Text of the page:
Tories and NDP point fingers at each other over whopping payout to former WRHA boss
Government compensation disclosures show 'shocking' amounts paid to some employees
A large payout to the former top boss of the Winnipeg Regional Health Authority has the Opposition casting blame on the Pallister government, saying their political interference cost the health care system half a million dollars.
Milton Sussman left his position as CEO and president of the WRHA in June of last year, but recently released compensation disclosures show he got paid over $800,000 that year — almost half-a-million more than he made in 2016.
Sussman was in the role for only a couple of years, taking on the position in 2015 after stints as the clerk of the executive council and deputy minister of health under the former NDP government.
New Democrat health critic Andrew Swan says it was Sussman's association with the former government that got him canned — and in the end the health care system has to pay for it.
"Because of their own decision to part ways with someone with a good track record and a good reputation, there's now $500,000 not available for health care in Manitoba," Swan said.
'A sad legacy'
The Pallister government had a different take on the severance, calling Sussman's contract a "sad legacy" of the NDP government.
"(The NDP) showed time and time again over the years that it wasn't remotely interested in protecting the interests of Manitoba taxpayers," acting health minister Rochelle Squires said in a prepared statement
"The WRHA's current board, which is different from the NDP-appointed board that approved this contract, has made clear its desire to ensure future agreements are structured differently as part of its efforts to maintain a balanced budget."
Meanwhile, Manitoba Liquor and Lotteries' annual disclosure reveals over $600,000 in severance was paid out to four high-ranking former employees — one of whom left the Crown corporation in 2016.
Under Manitoba's Public Sector Compensation Disclosure Act, government entities must each year disclose the salary of every public sector employee that makes more than $50,000. The salaries include overtime, retirement/severance pay, lump sum payments, vacation payouts and benefits.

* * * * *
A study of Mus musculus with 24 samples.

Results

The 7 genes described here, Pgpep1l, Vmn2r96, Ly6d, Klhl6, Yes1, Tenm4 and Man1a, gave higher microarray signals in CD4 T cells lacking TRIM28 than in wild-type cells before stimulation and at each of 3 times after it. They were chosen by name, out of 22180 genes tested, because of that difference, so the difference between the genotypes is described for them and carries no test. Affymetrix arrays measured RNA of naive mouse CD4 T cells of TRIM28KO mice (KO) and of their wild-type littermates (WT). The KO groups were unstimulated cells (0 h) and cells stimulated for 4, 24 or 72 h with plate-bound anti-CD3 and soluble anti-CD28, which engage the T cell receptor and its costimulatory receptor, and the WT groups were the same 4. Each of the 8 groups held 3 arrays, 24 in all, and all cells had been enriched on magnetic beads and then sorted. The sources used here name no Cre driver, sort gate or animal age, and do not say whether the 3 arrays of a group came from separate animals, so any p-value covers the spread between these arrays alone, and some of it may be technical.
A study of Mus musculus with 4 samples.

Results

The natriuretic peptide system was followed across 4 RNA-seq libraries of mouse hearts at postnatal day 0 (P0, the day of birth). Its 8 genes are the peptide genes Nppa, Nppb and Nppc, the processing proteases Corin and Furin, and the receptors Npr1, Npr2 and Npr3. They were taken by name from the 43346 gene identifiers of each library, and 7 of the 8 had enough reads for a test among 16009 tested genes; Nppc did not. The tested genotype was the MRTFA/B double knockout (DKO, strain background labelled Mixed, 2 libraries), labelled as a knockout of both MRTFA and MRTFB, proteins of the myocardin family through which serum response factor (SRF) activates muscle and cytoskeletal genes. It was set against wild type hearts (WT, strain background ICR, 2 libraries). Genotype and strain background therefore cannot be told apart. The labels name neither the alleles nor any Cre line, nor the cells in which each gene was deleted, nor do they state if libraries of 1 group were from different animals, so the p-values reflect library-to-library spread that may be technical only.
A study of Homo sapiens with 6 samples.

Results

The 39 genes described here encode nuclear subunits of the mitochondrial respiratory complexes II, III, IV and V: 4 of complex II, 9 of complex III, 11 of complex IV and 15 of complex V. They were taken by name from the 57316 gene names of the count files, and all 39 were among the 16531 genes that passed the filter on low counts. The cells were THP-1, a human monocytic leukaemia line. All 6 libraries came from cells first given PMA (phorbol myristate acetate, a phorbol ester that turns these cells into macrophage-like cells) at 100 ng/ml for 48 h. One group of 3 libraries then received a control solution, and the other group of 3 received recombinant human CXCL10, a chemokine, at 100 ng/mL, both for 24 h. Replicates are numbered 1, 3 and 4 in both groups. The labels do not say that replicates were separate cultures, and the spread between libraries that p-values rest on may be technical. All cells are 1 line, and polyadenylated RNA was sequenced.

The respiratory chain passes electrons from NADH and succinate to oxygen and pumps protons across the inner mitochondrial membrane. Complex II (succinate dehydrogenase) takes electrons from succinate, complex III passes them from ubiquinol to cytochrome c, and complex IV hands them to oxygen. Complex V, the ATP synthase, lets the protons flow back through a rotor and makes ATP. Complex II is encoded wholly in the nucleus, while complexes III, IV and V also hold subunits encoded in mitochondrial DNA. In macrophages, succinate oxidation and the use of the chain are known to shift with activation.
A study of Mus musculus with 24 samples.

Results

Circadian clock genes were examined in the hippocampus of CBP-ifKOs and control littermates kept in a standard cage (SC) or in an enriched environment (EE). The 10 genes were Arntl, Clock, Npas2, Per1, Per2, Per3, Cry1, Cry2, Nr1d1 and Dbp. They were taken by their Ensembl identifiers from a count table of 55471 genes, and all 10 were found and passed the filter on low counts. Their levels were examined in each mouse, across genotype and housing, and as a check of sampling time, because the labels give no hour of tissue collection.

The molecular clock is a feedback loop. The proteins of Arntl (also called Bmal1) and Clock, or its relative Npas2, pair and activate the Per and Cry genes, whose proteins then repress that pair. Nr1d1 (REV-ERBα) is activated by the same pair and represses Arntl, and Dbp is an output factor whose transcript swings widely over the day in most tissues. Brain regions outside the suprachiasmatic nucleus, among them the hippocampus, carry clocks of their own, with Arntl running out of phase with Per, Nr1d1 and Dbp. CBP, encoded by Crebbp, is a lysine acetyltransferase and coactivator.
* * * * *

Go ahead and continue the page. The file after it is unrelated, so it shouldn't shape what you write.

Wayne Perfumo, the former vice-president of hospitality and entertainment services, was the highest paid employee at the Crown, pulling in almost $350,000 last year — almost $150,000 more than his pay in 2016.
Another former vice-president, Susan Olynik, who was the VP of corporate communications and social responsibility, was paid almost $340,000 in 2017, an increase of over $150,000 from her pay in 2016.
Meanwhile, Karen Hiebert, the former director of strategic communications, made over $200,000 last year compared to $109,000 in 2016.
Executive left in 2016, also paid in 2017
Larry Wandowich was the chief community relations and marketing officer for Liquor and Lotteries when he left in 2016. He received over $225,000 in 2017 and $195,000 in 2016.
A spokesperson for Manitoba Liquor and Lotteries declined to comment on the severance other than to confirm all four are former employees and all four received severance in 2017. Andrea Kowal said she could not go into detail as to why Wandowich was paid in 2016 and 2017.
Crown Services Minister Cliff Cullen admitted the figures are "shocking to the general public," and committed to sitting down to discuss the matter with each Crown corporation's board.
"These numbers are of course concerning to government," said Cullen in a prepared statement. "Further discussions related to executive compensation and severance will take place with all respective Crown corporation boards."
New Democrat MLA Andrew Swan says Cullen's statement is going against the government's pledge not to interfere in decisions of Crown corporations.
"First of all they were very quick to say that they were not going to interfere politically. that they were going to put their people in charge which is what they've done," he said. "And now they don't like what their people are doing. It sounds like Cliff Cullen's going to interfere politically."
Agencies refuse to release disclosure
Crown health agencies are also obliged to release their compensation figures. However, the Addictions Foundation of Manitoba, Diagnostic Services Manitoba (now under Shared Health) and CancerCare Manitoba refused to release their compensation disclosure, citing "blackout" restrictions because of the July 17 St. Boniface byelection.
Despite there being nothing in the Election Financing Act that would prohibit the agencies from disclosing their salary compensation, all three refused, citing "advice" they received.
In a previous story by CBC, a spokesman for the government of Manitoba noted that "straightforward, factual content" can be released.